Lesson from the Shot: Macro Photography - The Magic of Nuance

  by Stanley Leary


I remember the moment clearly. I had just finished playing Haydn’s Concerto In E-Flat Major For Trumpet for the first time without any mistakes.
“Now you are ready to start working on it,” my music teacher said.
I was so disappointed; I thought I had nailed the piece and was ready to move on to something else. But while I had played each note on the page correctly, I was being taught an important lesson - only by mastering the nuances could I avoid sounding like a robot on the instrument.
Artists look at things differently than non-artists do. We notice details, we appreciate the nuance and the beauty. Artists respond differently to things than non-artists do. We tend to be more sensitive.
Nothing can sharpen your understanding about the nuances of photography more than macro photography. This is where you photograph objects extremely close, where the image projected on the “film plane” (i.e., film or a digital sensor) is close to the same size as the subject. We would say the image is a 1:1 ratio.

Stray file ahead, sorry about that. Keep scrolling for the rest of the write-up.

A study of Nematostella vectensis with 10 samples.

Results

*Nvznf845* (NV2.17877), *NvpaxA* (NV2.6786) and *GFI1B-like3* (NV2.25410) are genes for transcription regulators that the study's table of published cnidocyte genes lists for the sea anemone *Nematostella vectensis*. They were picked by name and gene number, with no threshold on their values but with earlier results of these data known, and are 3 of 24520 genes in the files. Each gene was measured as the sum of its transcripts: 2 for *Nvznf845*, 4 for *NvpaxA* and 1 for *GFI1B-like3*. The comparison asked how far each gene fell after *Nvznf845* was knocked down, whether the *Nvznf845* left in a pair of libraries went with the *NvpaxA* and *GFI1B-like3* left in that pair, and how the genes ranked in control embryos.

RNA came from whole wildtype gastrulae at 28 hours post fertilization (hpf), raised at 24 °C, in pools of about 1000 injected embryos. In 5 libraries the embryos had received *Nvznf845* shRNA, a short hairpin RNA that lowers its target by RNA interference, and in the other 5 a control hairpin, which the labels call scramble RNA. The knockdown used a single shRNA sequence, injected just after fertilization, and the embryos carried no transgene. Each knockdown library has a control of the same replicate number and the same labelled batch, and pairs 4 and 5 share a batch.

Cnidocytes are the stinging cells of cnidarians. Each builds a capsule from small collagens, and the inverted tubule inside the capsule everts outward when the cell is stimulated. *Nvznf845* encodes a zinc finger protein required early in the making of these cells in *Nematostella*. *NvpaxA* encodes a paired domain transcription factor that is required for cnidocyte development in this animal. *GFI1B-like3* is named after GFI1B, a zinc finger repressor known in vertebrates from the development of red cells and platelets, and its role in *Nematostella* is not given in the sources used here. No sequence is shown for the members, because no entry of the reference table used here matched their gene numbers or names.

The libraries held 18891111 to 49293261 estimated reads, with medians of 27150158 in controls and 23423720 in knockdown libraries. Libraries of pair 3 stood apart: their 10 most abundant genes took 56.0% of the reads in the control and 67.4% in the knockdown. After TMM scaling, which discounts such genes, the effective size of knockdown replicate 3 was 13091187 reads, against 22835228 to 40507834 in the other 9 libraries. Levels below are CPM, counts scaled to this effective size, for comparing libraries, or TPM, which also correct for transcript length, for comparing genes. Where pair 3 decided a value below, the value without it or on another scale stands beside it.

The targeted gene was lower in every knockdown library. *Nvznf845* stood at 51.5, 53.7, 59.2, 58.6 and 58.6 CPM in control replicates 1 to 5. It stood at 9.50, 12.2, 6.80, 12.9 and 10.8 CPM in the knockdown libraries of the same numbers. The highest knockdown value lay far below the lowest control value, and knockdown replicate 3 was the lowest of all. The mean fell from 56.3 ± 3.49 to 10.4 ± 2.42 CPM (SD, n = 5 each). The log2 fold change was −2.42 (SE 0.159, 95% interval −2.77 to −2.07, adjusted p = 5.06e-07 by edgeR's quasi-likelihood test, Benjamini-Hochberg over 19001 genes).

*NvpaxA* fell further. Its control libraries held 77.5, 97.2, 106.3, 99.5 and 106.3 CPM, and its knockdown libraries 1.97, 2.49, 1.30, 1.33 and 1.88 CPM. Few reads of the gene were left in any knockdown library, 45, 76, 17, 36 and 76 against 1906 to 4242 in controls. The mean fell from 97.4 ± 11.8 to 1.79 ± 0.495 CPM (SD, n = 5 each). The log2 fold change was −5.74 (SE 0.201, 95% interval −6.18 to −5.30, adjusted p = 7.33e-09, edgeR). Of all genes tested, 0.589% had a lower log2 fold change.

There are a few ways to get this close to the subject with a camera. You can buy a
(1) macro lens, which gives you 1:1 or even closer.
(2) a set of close-up filters that you screw onto the front of your lens that let you get closer.
(3) extension tubes that go between your lens and camera to let you get closer.
(4) a bellows that acts like a zooming extension tube.
(5) a tele-converter, which increase the magnification of the lens and come in 1.4 or 2.0 powers. They go between the lens and the camera to work.
The closer to the subject, the shallower the depth-of-field
Whatever macro photography method is used, the closer to the subject, the shallower the depth-of-field. That is, the area that is sharp at the point of focus, to the space behind that point, is quite shallow. One would typically need a ƒ/number of ƒ/11, ƒ/16 or even greater for the subject to look like it is in focus.
When working with such a small aperture (ƒ/number), one will need a lot of light or a good tripod to keep the camera from moving while taking the photo.
Once you have all the equipment you will be at the place I was when I finally learned how to play all the notes of Haydn’s trumpet concerto — ready unleash the artist within by discovering the nuances of a subject.